Do libertarians want to get rid of regulation?

Recently I received a question via email from a fellow Christian. Editing for clarity, he asked: “Do libertarians want to get rid of regulation? It’s an honest question. This is being done by the freedom caucus of the Republican party, which begs the question: is this what libertarians mean when they say freedom?”

The link is to a Huffington Post article describing the future plans of the Trump administration to rollback a variety of regulations, from the ACA to environmental “safeguards”. Here is how I responded (with some extra elaboration for this post)…

I can’t say I understand everything about Donald Trump’s plans (after all, Trump probably doesn’t understand everything about Trump’s future plans), but the libertarian position is that deregulation is a good thing. Libertarians don’t support government telling people how to run their lives. Regulations, like it or not, tell people and business how to do their jobs.

Libertarians think that if government has any function at all, it is to protect the life, liberty, and property rights of individuals. Regulations tend to infringe on property rights, although some are regulations are worse than others, for sure, and our priority is to affect the most egregious as best we can while maintaining the radical stance of abolition of all of them.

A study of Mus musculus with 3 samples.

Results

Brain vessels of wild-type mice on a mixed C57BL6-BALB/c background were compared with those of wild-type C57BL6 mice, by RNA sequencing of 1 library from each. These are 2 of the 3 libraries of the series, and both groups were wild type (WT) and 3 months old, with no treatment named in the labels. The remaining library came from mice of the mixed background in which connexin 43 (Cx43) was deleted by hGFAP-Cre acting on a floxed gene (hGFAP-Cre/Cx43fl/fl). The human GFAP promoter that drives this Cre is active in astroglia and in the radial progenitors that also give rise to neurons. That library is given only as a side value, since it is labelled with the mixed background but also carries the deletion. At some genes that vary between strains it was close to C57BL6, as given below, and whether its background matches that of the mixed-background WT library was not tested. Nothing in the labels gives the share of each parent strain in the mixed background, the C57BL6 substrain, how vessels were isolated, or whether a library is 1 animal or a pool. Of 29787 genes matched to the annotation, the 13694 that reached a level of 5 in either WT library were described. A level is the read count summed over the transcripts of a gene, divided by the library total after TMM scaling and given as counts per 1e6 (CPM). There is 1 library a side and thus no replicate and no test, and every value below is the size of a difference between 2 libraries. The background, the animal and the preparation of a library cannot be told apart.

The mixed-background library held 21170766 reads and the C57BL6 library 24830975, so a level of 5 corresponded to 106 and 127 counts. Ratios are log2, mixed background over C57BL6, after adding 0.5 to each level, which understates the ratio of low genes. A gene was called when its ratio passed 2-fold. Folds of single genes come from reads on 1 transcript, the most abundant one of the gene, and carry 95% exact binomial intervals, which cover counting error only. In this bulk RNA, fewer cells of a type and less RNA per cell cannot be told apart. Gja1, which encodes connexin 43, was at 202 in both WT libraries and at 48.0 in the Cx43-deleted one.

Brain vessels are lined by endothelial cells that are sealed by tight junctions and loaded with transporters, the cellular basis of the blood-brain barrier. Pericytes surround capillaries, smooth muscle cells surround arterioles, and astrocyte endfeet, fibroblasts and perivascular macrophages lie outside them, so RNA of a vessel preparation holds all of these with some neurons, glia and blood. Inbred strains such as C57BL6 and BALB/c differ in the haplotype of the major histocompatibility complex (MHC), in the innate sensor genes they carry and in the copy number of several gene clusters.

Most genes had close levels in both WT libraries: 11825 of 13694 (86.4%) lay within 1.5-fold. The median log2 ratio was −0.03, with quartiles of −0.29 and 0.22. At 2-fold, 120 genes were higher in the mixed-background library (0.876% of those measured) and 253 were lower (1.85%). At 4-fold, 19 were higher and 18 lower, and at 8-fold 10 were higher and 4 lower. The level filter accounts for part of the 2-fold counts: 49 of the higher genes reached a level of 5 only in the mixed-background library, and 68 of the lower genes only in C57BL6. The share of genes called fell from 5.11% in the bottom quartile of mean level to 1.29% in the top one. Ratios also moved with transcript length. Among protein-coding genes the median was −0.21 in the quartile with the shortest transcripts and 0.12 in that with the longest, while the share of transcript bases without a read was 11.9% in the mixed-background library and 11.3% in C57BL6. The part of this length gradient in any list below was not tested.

You might say in response, “What about those things that are regulated that can cause property damage?” Sure, that can be a problem. Regulations, however, often have unintended consequences that restrict legitimate market activity as well. What libertarians suggest as a solution is, simply put, to uphold property rights as inviolate. For instance, if a polluter, whether unintentionally or intentionally, damages someone’s land, the landowner has every right to demand restitution for the violation of his property.

This would incentivize anyone who might think to pollute not to commit harm. In fact, this was the way it was done in the past, but regulations actually gives polluters a “free pass” up to a certain point, even if damages DO occur.

“But how would businesses know what to do to prevent harm without the regulations?” Good question, but it misses the important point that standards and best practices develop all the time without government organizing anything. In fact, there is great incentive to standardize and share best practices in industry precisely because it makes everyone’s business better off. Waiting with baited breath for the next regulation to come down from on high and trusting in whatever is proffered has the unintended consequence of businesses often assuming that the edicts will be sufficient for profitability and harm prevention. We know from experience, though, that this is not the case. When responsibility is in the hands of owners, rather than passed on, in part, to the state, problems will inevitably arise.

To learn even more, check out this short article on how regulation is a hidden tax.